Established: December 2005
Total number of lines: 1,000
Turnover: £1,500 a week
One million Polish immigrants have come to the UK in the past couple of years, and retailers and brand owners are now starting to expand into Eastern European food.
However, many independent retailers spotted the potential a while back. The Polish Deli, in Trowbridge, Wiltshire, is a prime example. The former barber shop on busy Roundstone Street was bought in 2005 by Trowbridge resident Maciey Polczynski, or Matthew as he's known. He runs the shop with co-manager Alicia Markiewicz.
“There has been a large Polish community in Trowbridge and the surrounding towns since the Second World War,” says Markiewicz.
“The town is twinned with Elblag in Poland and has strong links with it. This is the first deli and grocery owned and run by Poles in this town. Despite so many Polish people living here, nobody has done it before.”
The shop has a reputation for speciality fresh sausages and smoked mackerel, delivered from Poland once a week and placed vacuum-packed in the chilled cabinet. Other fresh foods include Polish dumplings, both sweet and savoury, biscuits, juices, bread (its biggest-selling item) and cakes delivered from a Polish baker in London every other weekday.
It also sells a host of dry and canned items including hams, pâtés and pre-prepared meals. The store also stocks Polish foods possibly less suitable for English palates, such as jarred salads and soups, Flaki - beef tripe with vegetables - and -Bigos goulash.
While most customers are Polish, 40% are English. “The English customers come here because they are curious about how certain Polish dishes are cooked and what the sausages taste like,” says Markiewicz. Most of the sausages are made mainly from pork, but the shop also sells wild boar, chicken and beef varieties.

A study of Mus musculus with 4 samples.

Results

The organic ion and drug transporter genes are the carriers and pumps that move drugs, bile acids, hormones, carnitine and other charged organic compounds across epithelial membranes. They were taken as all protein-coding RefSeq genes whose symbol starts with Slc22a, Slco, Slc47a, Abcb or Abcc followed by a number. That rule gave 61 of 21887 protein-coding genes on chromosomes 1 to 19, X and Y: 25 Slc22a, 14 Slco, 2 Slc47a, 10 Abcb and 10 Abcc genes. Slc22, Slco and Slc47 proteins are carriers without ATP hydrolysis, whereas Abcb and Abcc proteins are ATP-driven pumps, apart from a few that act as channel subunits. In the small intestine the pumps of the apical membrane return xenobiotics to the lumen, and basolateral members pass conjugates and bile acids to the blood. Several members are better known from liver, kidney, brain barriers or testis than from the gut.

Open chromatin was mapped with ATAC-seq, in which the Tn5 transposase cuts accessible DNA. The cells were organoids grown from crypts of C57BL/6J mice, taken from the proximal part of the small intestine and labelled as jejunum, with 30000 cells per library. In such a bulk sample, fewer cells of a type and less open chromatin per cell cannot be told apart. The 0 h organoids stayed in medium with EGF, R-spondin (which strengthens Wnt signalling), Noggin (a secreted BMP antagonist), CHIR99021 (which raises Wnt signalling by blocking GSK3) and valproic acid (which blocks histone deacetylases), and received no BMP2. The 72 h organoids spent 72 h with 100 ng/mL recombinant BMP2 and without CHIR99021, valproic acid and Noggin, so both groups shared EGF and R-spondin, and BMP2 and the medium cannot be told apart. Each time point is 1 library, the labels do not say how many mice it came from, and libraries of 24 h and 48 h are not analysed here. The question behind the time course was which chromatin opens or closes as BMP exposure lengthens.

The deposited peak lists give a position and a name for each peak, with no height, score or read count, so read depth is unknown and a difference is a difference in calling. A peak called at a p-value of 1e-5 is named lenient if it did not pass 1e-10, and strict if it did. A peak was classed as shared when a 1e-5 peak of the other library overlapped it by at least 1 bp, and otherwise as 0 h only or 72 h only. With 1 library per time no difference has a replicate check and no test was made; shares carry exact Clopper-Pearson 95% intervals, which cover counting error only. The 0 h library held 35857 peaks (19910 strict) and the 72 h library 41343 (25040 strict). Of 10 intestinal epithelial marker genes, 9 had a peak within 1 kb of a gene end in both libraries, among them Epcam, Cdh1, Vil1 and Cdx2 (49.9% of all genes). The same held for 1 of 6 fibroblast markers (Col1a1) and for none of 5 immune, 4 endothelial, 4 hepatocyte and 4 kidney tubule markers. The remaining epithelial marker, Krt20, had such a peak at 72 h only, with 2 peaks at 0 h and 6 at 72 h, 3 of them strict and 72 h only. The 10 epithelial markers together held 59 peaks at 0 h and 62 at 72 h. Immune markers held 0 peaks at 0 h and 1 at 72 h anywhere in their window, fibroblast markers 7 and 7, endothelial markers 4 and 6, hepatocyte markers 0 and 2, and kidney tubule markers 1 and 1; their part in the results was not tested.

The deli's most popular sausage with English customers is the semi-dry kabanosy - a spicy pork sausage that is long and thin with a deep red colour. Mysliwska, or hunter's sausage (pork mixed with ground juniper berries) is also popular.
Polish customers, meanwhile, prefer slaska sausage, which can be smoked or boiled, and podwawelska sausage made of minced pork and smoked garlic.
The store also acts as an “information service” for all things Polish. “People will ask all kinds of questions about Poland and not just about the products we sell,” she says.
“Some customers want to know about Polish culture and history, which is good because you almost feel like you are an ambassador for your country. It also helps to improve my level of English.”
The store may find trading harder in the future, though. Other small grocery stores in the town are now selling Polish foods while Tesco and Asda are also stocking more Polish products. “I have mixed feelings towards the competition we are facing,” says Markiewicz.
“Obviously, we want as little competition as possible, but you have to be realistic.
“Where The Polish Deli has an edge is that our offer includes fresh meat, and both Matthew and I are Polish, which gives an element of authenticity. Customers would rather come to us because we can talk about Polish food, what ingredients to use and what we sell overall in an informed way.”
Co-manager Alicia Markiewicz
Alicia Markiewicz, 29, had long harboured an ambition to be a physiotherapist. But after failing her finals in Poland, she decided to take a break to think things through. When the opportunity arose to come to the UK last year, she came to stay in Trowbridge, where she knew some fellow Poles. Following a chance meeting with Maciey Polczynski, she was offered the position of co-manager of The Polish Deli where she says she plans to stay for the forseeable future.